What Size Propane Tank do I Need?

Malcolm Tatum
Malcolm Tatum

Propane is used in many homes and businesses for practical tasks, such as heating a room or the water supply to the space. It is also possible to use the gas to heat swimming pools and grill food. Since its uses are varied, propane tanks come in several different sizes, ranging from the compact gas grill tank to large underground storage facilities. Determining the right size for you is a matter of considering what the fuel will be used for and how frequently it's used, among other considerations.

Residential propane tank.
Residential propane tank.

If your propane needs are associated with the home, there are several factors to consider. One of the most important considerations is the tasks that will be handled with the use of fuel. Most homes equipped with propane will use it for heating, but if you also plan on using it for cooking, heating water, and running a clothing dryer, purchasing a larger tank is definitely a consideration. This will allow you to purchase more fuel at one time and possibly avoid some expense if your local supplier issues a charge for delivery each time they fill the tank.

Barbecue propane tank.
Barbecue propane tank.

As can be imagined, a commercial propane tank is usually much larger than the tanks designed for home use. For larger businesses such as manufacturing plants, it is not unusual for an underground tank to be used, although large storage tanks designed for above ground installation are available. One key factor to consider when it comes to tank size is the square footage (or square meters) of the commercial space. If the fuel will be used to operate various types of machinery within the facility, this should also be considered when purchasing a tank. Since high volume users can sometimes get discounts on the fuel, installing a tank large enough to allow the facility to operate for a longer period in between refills will yield a significant savings on operational costs over the course of a year.

When help is needed to ascertain the amount of propane used within a given time frame, asking for assistance from a local propane supplier is a good idea. The supplier can help you identify each use for the propane, come up with a cumulative total for the amount of fuel needed within a specified period, and help you decide what size of propane tank would best meet your needs. Often, the supplier can also evaluate your situation and make suggestions about whether something like a gill tank would be best for you, or if something as simple as a standard storage tank would suffice.

Propane is commonly used for outdoor grills.
Propane is commonly used for outdoor grills.
Malcolm Tatum
Malcolm Tatum

After many years in the teleconferencing industry, Michael decided to embrace his passion for trivia, research, and writing by becoming a full-time freelance writer. Since then, he has contributed articles to a variety of print and online publications, including wiseGEEK, and his work has also appeared in poetry collections, devotional anthologies, and several newspapers. Malcolm’s other interests include collecting vinyl records, minor league baseball, and cycling.



@myharley - Keeping an extra propane tank refill around is a good idea. There have been times when I ran out of propane in the middle of grilling.

This can be very frustrating too. This means I have to run to the store and get my tank refilled before I can finish what I am grilling.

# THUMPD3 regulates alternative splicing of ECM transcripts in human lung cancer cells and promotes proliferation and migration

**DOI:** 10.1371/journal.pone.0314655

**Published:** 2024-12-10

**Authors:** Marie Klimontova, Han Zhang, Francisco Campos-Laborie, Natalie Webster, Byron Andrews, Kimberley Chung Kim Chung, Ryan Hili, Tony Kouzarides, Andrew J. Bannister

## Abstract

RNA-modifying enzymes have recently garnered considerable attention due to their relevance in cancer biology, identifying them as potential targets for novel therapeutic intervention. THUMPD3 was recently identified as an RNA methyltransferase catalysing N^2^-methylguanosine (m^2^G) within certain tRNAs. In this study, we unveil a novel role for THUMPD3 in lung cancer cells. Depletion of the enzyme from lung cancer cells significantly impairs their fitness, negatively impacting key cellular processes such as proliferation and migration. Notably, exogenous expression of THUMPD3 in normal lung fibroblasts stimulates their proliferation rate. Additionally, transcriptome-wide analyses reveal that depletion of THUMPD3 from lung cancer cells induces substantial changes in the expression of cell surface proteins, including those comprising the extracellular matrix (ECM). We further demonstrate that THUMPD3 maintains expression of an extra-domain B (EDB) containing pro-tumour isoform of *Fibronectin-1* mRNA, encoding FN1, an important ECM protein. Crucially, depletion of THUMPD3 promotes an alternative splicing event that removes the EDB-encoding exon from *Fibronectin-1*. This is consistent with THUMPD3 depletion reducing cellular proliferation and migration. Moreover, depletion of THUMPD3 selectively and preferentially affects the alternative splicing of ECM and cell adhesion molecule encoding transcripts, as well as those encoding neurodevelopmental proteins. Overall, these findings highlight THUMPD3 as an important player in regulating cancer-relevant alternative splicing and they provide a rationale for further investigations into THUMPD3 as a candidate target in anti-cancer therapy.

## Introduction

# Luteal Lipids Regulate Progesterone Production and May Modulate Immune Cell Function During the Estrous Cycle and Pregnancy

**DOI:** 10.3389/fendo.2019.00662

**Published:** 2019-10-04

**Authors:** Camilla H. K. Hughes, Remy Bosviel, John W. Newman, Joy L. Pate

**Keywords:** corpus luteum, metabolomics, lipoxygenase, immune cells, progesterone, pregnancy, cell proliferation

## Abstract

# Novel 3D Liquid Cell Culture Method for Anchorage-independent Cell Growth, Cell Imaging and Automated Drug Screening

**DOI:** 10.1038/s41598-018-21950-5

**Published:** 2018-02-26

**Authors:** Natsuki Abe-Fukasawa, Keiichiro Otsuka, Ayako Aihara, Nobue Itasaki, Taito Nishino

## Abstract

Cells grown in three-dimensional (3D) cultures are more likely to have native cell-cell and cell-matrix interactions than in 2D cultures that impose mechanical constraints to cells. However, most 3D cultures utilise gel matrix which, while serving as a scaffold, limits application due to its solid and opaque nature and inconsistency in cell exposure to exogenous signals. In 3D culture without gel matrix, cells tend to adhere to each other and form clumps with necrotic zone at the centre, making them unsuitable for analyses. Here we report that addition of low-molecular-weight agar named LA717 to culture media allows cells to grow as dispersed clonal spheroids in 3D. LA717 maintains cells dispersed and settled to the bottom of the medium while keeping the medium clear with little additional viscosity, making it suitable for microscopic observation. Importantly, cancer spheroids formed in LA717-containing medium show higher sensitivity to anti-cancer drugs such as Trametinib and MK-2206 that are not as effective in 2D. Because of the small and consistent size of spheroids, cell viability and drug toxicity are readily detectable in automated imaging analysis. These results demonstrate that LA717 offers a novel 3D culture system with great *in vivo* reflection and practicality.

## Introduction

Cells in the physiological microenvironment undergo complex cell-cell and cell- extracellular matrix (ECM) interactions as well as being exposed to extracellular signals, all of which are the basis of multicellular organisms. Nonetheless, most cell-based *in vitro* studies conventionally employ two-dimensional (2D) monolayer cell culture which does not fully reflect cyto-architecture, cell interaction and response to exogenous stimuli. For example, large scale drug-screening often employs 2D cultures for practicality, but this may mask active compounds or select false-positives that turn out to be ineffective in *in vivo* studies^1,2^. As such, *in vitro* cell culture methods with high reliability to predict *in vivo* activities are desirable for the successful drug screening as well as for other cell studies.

I like to grill all year long, so making sure I have enough propane on hand when I need it is important to me.


I always try to keep an extra grill propane tank on hand. I get pretty frustrated when I am ready to start the grill and realize my propane tank is empty.

When I am done grilling, I usually leave it turned on for a few minutes to burn off some of the residue. More than once I have forgotten to go back and turn it off. The next time I am ready to use the grill, I don't have any propane left at all.

This makes for an expensive meal, so now I make sure and stay right beside the grill until I know I have turned it off.


@golf07 - It depends on whether you buy a new or a used propane tank, but either way, you will be out some money. We were looking at buying a used tank and I think it was around $1200.

We had to take into consideration how long we thought we would be living here if it would be worth the cost. We ended up just renting the tank.

Our propane tank is only a 500 gallon tank but our delivery company is responsible for keeping the tank full.

One year they forget to come for awhile and we ran out of propane. This was not convenient in the middle of winter, but they were responsible for giving us a certain number of free gallons of propane.

After that, they always made sure to keep our propane gas tank full.


We live in the country and have a 1000 gallon propane tank we use to heat our house and garage. We have living quarters above our garage, so we keep this area heated all winter long as well as the house.

Depending on how cold the winter is, we can go through quite a bit of propane. We usually contract a certain amount of gallons to use every year based on what we have used in the past.

This way we get the best cost and don't have to worry if the price of propane gets extremely high during a cold winter.

I make sure and check our propane tank gauge every so often to see how we are doing on fuel. They charge a delivery fee every time they come, so I don't like to call them too often, but I also don't want to run out of propane.

We also pay a fee every year for the tank rental. This propane tank was here when we bought the property, so we use the same fuel service as the previous people who lived here did.

I don't know how much it would cost to buy our own propane tank, but I imagine they wouldn't be very cheap.